All Health Care News
Top stories summarized by our editors
8/22/2017

Ahead of Affordable Care Act open enrollment, some markets are looking better than expected, with insurers working with states to ensure counties lacking plans have options for 2018. However, some state officials say they are uneasy as uncertainty reigns, many counties have just one insurer selling plans, and additional insurers may pull out of markets as risk becomes untenable.

Full Story:
Politico
8/22/2017

Covered California is giving health insurers until Sept. 30 to add a surcharge of around 12.4% to silver health plans as part of efforts to stabilize the individual market, and the exchange is putting additional money toward marketing and outreach. Covered California has also modified contracts to allow health plans with unexpected losses due to federal policy changes to seek state aid from 2019 to 2021, while requiring those that receive unexpected profits to account for those earnings in future rates.

8/22/2017

Integrating social determinants of health into EHR data can help in supporting care coordination with community resources, informing clinical decision-making and enabling targeted outreach efforts, according to a study in the Journal of the American Board of Family Medicine, based on an analysis of the Epic EHR system at Oregon Community Health Information Network.

Full Story:
EHR Intelligence
More Summaries:
Oregon
8/22/2017

Danish researchers found that whole-body SPECT/CT, NaF-PET/CT and NaF-PET/MRI yielded similar sensitivity, specificity, positive predictive value, negative predictive value and overall accuracy in detection and diagnosis of bone metastases in patients with breast or prostate cancer after excluding equivocal readings, compared with standard planar bone scintigraphy. The findings in the Journal of Nuclear Medicine suggest that studies with a larger patient population or patients with increased bone metastases prevalence are needed to establish possible significant differences in sensitivity between hybrid modalities and pBS, researchers said.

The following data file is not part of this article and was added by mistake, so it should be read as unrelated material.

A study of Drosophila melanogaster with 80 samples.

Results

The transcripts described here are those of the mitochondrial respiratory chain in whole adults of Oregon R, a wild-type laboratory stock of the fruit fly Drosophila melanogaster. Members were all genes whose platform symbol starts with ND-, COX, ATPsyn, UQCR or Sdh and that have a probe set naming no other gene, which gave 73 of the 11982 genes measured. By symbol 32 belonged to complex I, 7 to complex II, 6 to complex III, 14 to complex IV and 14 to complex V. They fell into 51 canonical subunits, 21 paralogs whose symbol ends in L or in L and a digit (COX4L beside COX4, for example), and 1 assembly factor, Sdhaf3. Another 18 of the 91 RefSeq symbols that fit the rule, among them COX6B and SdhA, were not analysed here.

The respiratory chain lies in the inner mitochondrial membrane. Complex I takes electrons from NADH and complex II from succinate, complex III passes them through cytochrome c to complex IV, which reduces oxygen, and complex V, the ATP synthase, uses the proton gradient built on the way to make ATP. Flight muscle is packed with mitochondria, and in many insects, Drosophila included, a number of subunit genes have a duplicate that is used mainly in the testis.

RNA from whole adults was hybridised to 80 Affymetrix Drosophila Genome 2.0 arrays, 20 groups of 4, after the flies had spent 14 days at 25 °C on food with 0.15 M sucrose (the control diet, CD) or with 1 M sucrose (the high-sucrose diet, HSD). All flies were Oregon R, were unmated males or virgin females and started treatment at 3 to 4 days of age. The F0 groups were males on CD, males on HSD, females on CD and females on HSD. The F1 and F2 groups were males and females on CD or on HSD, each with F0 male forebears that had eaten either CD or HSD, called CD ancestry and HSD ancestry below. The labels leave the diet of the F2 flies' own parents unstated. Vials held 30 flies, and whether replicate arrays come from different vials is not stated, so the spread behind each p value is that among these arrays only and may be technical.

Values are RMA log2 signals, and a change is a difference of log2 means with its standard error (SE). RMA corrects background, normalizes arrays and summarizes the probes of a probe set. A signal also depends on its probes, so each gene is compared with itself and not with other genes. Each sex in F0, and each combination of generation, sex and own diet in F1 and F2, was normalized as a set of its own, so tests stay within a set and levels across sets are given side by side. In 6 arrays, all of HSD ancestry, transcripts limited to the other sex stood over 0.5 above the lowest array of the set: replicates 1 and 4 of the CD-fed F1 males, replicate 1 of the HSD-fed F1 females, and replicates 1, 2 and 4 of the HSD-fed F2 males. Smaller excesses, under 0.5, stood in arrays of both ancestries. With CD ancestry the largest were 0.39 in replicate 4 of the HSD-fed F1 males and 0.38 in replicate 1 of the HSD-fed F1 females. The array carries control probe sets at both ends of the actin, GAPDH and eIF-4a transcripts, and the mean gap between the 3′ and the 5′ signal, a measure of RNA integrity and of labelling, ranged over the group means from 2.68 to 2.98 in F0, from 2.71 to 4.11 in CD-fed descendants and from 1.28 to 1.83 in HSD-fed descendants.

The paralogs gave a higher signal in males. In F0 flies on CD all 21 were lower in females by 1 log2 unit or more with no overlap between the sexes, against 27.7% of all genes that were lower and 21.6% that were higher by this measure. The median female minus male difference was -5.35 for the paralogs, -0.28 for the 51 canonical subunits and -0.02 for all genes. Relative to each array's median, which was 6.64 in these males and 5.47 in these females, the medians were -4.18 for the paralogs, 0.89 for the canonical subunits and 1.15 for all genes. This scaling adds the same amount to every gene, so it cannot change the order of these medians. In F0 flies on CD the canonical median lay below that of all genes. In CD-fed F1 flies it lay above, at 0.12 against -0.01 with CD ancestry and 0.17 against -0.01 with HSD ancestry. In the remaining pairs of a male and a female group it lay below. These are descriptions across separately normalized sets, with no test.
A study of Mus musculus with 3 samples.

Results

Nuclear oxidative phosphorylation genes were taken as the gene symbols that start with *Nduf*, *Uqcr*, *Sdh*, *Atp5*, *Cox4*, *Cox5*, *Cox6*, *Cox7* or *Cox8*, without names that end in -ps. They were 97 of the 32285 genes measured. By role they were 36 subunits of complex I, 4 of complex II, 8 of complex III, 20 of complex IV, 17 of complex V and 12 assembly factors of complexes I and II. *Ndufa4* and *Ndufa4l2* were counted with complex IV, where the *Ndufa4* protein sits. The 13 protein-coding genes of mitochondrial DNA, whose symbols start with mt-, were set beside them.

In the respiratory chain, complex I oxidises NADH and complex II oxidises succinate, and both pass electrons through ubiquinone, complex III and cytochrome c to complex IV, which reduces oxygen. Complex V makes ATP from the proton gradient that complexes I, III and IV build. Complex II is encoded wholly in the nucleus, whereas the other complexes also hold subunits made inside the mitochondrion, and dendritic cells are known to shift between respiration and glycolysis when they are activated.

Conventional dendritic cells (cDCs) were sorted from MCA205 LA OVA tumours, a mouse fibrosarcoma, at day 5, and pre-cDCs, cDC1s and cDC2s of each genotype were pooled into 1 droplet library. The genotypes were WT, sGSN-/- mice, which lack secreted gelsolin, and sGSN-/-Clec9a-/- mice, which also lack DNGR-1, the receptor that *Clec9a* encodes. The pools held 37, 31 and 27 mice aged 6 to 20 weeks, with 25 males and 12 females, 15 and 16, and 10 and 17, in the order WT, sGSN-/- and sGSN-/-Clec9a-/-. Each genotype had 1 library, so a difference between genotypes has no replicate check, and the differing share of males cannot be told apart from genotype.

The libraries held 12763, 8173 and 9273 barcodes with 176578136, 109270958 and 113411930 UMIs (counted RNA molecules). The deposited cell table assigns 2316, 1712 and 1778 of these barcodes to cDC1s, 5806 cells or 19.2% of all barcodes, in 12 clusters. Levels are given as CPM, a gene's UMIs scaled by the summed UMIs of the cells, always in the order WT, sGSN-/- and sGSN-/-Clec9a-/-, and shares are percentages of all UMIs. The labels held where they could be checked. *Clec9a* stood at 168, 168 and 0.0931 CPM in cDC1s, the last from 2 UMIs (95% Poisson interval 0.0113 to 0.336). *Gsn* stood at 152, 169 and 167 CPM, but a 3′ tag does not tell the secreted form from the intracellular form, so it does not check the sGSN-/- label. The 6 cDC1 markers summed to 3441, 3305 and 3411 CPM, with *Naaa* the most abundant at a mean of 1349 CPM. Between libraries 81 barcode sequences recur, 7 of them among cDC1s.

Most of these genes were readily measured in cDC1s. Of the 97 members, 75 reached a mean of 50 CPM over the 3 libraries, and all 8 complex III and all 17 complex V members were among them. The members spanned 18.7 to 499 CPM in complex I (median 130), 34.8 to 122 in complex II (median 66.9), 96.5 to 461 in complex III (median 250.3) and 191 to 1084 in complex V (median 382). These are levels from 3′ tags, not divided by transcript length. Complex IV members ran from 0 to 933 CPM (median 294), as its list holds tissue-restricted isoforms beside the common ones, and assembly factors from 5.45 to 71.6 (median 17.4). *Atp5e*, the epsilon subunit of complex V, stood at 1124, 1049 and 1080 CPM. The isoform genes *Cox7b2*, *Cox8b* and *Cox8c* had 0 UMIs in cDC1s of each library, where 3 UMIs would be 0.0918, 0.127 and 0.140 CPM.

More Summaries:
Journal of Nuclear Medicine
8/22/2017

Registered dietitians say reverse dieting, which is easing back into a more normal, sustainable eating regimen after weight loss, may be a way to help people avoid regaining pounds. RD Jim White says one drawback is that returning to a normal eating pattern assumes a diet was restrictive, so the time to plan a reverse strategy is before a diet begins.

More Summaries:
Jim White
8/22/2017

Red meat can be part of a balanced diet but shoppers should consider the cut of beef, because that will affect fat and calorie content, said registered dietitian Jill Koegel. There are only small nutrition differences between grass- and grain-fed cows, Koegel said, and beef is a good source of protein, zinc and iron.

More Summaries:
Jill Koegel
8/22/2017

Pediatricians should advise young athletes to practice appropriate weight loss and weight gain methods during health supervision visits, according to an American Academy of Pediatrics clinical report in Pediatrics. The report also urges pediatricians to discourage student athletes from using unsafe weight control techniques such as dehydration and potentially harmful medications and supplements, which may adversely affect their health and performance.

More Summaries:
AAP
8/22/2017

Controlled feeding studies can help researchers see the effects of dietary patterns on the gut microbiome and how that in turn affects disease-risk biomarkers, registered dietitian Johanna Lampe told The Human Microbiome: Emerging Themes at the Horizon of the 21st Century conference. Lampe said, however, this type of research is not for evaluating how a dietary intervention works under real-world conditions.

8/22/2017

A study found the sugars in human breast milk may protect newborns from Group B Streptococcus infections, researchers told the American Chemical Society's annual meeting and wrote in the journal ACS Infectious Diseases. The sugars in some samples also destroyed biofilms of group B strep, the researchers found.

Full Story:
Medical News Today
8/22/2017

Prolonged sitting may not increase the risk of death among middle-age and older adults who are not frail and who get recommended levels of moderate physical activity each week, according to a study in the Canadian Medical Association Journal. However, sitting time can increase mortality risks for inactive people who are vulnerable or frail, researchers found.